After too much time on the road and dealing with some computer/technical issues in the shop, I recently took a much needed day off to spend in my studio.
I was inspired to work with our new Multicolored Sari Silk Fat Quarter assortment packs from India (featured in our most recent enewsletter): 12 beautiful colors! I decided to combine them with a wonderful panel handpainted by Bambang Dharmo. Here is my work in progress.
My first step was to trim my panel, creating straight square edges. I admit I used to skip this step, trying to use up every beautiful bit of the handpainted fabric. But after a result where the sewn side of the panel aren’t straight, I learned my lesson.
I wondered how to best sew the silk to the cotton panel? My solution was to apply a lightweight one-sided fusible interfacing meant for clothing that I found in my stash. Once the silk had the fusible on it, it made sewing it to the cotton panel a breeze. I also found some small pieces of Dupioni silk in bright colors in my stash, so I also prepped them with the interfacing and added them to my sari silks.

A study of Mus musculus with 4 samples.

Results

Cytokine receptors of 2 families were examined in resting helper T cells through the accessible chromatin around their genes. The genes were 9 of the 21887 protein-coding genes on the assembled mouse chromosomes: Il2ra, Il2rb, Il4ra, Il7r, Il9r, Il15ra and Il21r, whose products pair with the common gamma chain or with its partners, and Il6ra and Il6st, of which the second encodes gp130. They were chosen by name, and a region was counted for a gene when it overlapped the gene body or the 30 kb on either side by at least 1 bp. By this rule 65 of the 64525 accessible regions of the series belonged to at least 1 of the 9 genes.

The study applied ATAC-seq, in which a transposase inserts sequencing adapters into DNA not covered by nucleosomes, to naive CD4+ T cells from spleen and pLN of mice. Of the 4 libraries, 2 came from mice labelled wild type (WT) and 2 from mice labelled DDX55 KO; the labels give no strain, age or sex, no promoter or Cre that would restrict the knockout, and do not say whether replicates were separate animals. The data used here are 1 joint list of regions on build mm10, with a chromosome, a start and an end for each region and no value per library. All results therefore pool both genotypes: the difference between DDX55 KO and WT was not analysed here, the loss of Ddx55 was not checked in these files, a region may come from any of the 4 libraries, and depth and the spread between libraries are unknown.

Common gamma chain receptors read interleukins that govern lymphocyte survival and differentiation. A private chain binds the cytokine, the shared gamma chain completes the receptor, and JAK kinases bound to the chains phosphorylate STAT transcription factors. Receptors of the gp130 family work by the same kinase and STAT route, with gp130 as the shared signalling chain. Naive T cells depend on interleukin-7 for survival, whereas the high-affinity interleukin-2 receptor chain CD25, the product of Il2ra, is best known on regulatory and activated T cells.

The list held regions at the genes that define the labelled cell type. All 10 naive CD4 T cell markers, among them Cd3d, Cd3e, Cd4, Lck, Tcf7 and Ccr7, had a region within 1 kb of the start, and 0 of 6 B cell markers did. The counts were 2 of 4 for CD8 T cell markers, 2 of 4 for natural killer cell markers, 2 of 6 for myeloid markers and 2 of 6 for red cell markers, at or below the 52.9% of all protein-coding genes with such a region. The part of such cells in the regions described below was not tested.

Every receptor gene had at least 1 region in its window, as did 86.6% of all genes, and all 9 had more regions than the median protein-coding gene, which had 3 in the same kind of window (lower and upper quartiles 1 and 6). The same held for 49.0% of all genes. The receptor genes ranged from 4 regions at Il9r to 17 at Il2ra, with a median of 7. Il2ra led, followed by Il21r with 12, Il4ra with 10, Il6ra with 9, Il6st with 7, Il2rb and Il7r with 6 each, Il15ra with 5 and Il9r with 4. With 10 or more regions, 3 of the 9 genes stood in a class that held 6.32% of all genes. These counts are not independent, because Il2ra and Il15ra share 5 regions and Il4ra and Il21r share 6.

I cut the stack of silks with a ruler and my rotary cutter into strips approximately 1½" wide by the 6" wide. I lined them up by color on my work table, and then I started sewing.
My method might not seem like the best one to some, but it removes the stress of fretting over which color to put next to each other: I chain piece. I take 2 pieces of silk (different colors, of course) and chain sew a bunch, Then I cut the chain apart and add a third piece of silk and chain again. I continue to do this until I have a strip approximately 4-6 strips wide.
Then I press all the seams in the same direction and lay them out again. Next I start matching up these 6 pieces to make them longer 44” long about, and then trimmed to 4”wide.
I decided to add a small piping to the panel using the Groovin’ Piping Trimming Tool. Once that was complete, I sewed the silk “piano keys” to the panel. I used my zipper foot to keep the piping tight.
My sewing order was top and bottom and then the two sides. I thought briefly about mitering the corners, but decided to just go with the strips as is.
Because I wanted the piping to go toward the panel, not the border, I did find that I had to watch my ironing. The correct direction was controlled when ironing on the reverse side and toward the border rather than the panel (above).
Below, you can see the piping set off the panel. I will trim the strips and edges, layer batting and backing, and finish this quilt off on another studio sewing day.